May 19, 2012
- Type of Outing
- Day hike
- Read More in our Hiking Guide
- Hike: Steamboat Rock
- Region: Eastern Washington -- Inland NW
- Agency: Washington State Parks and Recreation
- Avg Rating: 4.22
- Why You Should Go Now
- Wildflowers blooming
- Be Aware Of
- No water source
As noted in Bauer & Nelson's Best Desert Hikes Washington (Mountaineers, 2004), the first 0.15 miles is a steep, rough, rocky ascent through a cleft. The trail then levels out and crosses a broad plateau or ledge, gaining some elevation before splitting into two forks going to two different bluffs. We went right to the easier, larger bluff, hoping to see the deer herd which lives there.
Once at the top, we circumambulated the edge of the bluff in a counterclockwise direction, first looking down on Steamboat Rock State Park below us with the inner waterways that surround the peninsula. We walked north to overlook the beautiful, intricate waterways at the north end of Banks Lake. At about that point, we saw some pinkish flowers in clusters (buckwheat?), some right at the edge, and also a rock rose.
We continued around the back (west) side of the plateau, which does not have a well defined edge but rolls away in grassy undulations. The trail was very faint on this side. We saw two marmots on a rock, and we had a distant view of the main part of Banks Lake to the west.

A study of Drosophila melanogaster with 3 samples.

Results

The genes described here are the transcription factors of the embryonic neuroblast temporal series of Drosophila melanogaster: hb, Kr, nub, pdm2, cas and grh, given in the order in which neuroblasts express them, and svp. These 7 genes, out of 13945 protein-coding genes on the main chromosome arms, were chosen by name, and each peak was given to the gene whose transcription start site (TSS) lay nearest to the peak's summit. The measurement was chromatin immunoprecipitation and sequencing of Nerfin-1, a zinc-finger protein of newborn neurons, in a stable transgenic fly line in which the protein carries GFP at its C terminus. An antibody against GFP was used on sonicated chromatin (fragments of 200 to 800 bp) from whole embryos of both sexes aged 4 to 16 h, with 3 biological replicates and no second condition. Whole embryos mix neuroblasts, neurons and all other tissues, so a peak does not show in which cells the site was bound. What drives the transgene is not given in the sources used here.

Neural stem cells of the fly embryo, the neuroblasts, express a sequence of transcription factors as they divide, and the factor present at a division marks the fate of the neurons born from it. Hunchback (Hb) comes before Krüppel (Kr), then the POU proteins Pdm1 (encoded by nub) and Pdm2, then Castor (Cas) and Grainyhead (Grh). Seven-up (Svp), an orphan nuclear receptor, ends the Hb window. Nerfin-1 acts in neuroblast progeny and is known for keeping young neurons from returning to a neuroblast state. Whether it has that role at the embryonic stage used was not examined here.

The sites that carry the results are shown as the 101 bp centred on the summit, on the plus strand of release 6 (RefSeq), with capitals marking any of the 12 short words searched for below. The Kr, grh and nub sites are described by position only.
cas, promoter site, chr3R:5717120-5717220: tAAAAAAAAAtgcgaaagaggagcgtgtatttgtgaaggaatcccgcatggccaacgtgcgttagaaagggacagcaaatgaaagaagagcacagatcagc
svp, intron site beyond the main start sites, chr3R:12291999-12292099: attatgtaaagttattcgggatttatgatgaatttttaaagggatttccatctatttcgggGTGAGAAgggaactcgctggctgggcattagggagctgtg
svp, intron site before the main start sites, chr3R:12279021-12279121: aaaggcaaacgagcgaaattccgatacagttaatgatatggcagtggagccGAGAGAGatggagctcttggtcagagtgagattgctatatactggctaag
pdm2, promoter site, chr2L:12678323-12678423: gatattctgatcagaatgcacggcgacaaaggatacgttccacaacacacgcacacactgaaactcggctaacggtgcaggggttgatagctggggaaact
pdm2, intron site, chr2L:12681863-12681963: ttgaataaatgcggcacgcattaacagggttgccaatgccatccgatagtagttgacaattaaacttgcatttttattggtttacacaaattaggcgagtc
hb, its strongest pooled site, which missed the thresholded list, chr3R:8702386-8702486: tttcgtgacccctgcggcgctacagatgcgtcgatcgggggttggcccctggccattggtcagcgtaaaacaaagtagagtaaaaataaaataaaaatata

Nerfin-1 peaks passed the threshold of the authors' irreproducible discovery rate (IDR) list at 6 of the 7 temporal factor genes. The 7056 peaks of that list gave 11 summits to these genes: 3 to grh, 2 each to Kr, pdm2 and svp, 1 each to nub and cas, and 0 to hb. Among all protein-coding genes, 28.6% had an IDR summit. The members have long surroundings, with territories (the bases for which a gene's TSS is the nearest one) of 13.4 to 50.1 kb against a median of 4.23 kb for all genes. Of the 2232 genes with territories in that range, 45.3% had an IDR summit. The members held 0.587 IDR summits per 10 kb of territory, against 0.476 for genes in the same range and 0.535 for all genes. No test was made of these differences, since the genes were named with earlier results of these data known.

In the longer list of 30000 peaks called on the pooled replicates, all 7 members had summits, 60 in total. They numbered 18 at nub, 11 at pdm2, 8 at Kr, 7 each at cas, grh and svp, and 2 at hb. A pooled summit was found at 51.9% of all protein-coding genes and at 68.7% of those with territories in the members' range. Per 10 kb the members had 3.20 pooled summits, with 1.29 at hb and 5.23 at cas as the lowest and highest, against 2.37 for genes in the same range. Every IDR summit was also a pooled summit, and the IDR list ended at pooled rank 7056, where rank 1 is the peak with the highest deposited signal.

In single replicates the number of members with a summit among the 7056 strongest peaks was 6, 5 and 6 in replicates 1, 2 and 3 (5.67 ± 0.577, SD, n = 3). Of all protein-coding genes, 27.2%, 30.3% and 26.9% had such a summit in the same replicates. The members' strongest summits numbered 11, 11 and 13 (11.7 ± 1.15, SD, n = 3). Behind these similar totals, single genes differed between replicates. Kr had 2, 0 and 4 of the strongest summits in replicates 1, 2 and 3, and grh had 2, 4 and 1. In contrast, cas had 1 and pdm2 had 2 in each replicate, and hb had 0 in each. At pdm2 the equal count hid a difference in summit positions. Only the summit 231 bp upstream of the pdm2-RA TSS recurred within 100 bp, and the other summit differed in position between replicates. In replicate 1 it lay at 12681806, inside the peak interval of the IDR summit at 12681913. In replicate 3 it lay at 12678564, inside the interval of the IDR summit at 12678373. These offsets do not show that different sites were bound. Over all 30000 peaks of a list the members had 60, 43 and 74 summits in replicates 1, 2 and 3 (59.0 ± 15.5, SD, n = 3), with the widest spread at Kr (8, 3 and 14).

We thought we had gone far enough to be near the starting point of the loop, so Slow Loris checked his GPS. He had not set a location point when we reached the top, but he had set a lap, and the GPS showed that, so we followed the arrow on the GPS through a trail which at this point was so faint that it was no more than a suggestion of matted grass, continuing until the arrow on the GPS converged with the number 1 marking the lap change.
The descent was slow, difficult, and harrowing, not only at the initial 0.15 miles, but at several stretches of trail from the very beginning of the descent. These stretches were steep, and the trail was littered with loose gravel on powdery dirt. We were glad we had our poles. In places we scooted in a sitting position, always watching for rattlesnakes; younger hikers seemed to have little trouble, however!
We enjoyed the views from the top but decided that the descent was too dangerous. We had been curious about this hike in the past and are glad we did it this one time but have decided not to do it again.